Germany to shut down three nuclear reactors on Friday

Germany nuclear

Germany will shut down three of its last six nuclear reactors on Friday, as it speeds up its complete phasing out of nuclear energy to focus on renewables. According to a Reuters report, the remaining three reactors will stop producing energy by the end of 2022.

Firstly, the German government decided to speed up the phasing out of nuclear after Japan experienced its disastrous nuclear accident in Fukushima, when an earthquake and a tsunami destroyed the coastal plant. In fact, it was the world’s worst nuclear incident since Chernobyl.

Moreover, the reactors in question are the Brokdorf, Grohnde and Gundremmingen C, run by utilities E.ON and RWE. These will cease production on Friday after three and a half decades in operation.

In addition, the remaining reactors, the Isar 2, Emsland and Neckarwestheim II will go down by the end of 2022.

Despite the fact that nuclear energy is considered a clean and cheap source of energy, for Germany the phase-out is irreversible, as it faces ambitious climate change goals, and rising power prices. Kerstin Andreae, the head of energy industry association BDEW, said. “For the energy industry in Germany, the nuclear phase-out is final.”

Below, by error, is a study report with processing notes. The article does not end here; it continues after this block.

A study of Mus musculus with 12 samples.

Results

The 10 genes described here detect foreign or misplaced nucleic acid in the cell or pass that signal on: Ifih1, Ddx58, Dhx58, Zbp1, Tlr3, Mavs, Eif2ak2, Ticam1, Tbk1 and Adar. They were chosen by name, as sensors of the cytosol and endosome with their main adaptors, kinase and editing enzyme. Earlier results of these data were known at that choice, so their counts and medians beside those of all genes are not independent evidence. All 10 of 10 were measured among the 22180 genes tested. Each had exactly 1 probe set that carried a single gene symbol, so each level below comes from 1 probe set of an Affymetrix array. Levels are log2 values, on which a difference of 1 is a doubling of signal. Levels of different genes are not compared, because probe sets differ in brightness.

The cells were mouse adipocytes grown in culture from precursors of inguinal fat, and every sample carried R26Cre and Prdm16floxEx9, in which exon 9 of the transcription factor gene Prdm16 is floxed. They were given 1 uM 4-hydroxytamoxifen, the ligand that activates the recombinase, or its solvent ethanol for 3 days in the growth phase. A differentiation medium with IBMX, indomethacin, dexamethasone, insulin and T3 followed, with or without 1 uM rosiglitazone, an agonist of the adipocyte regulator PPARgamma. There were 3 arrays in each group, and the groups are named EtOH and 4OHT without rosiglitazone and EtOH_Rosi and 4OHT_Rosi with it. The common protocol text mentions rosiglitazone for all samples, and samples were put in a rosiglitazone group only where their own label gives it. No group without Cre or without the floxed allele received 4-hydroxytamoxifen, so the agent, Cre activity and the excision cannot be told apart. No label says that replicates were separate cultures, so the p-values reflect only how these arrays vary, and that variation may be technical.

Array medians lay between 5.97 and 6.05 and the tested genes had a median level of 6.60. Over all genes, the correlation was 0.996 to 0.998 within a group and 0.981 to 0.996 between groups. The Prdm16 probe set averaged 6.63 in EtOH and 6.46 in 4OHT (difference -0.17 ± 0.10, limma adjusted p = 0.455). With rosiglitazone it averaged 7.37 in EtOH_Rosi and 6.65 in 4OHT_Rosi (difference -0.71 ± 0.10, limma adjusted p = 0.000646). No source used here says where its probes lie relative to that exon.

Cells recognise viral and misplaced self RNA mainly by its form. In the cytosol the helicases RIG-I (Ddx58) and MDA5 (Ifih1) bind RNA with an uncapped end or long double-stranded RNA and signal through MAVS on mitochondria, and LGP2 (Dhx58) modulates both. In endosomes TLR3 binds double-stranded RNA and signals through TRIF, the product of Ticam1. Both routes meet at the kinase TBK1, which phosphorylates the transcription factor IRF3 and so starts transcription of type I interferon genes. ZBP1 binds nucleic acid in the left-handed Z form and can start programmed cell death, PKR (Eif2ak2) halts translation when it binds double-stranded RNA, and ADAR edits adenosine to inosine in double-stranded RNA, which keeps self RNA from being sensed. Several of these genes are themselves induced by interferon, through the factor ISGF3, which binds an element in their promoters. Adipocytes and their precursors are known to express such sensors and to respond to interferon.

Furthermore, according to preliminary figures by BDEW, the six nuclear power plants contributed to around 12% of electricity production in Germany in 2021. At the same time, the share of renewable energy was almost 41%; with coal generating just under 28% and gas around 15%.

However, Germany aims to make renewables meet 80% of power demand by 2030 through expanding wind and solar power infrastructure. In fact, the new government, which plans to step up climate protection efforts, stood by the nuclear power phase-out in its coalition agreement.

On Wednesday, Economy and Climate Protection Minister Robert Habecksaid he did not see the anti-nuclear consensus weakening in Germany. Indeed, Environmental groups welcomed the move; but warned that 2022 was not the real end of the nuclear era in Germany.

Finally, Arne Fellermann, a manager at the BUND environmental group, told Reuters. “We have to say that there will still be uranium enrichment plants in Germany, like the one in Gronau. There is also a research reactor in Garching that still works with weapons-grade uranium.”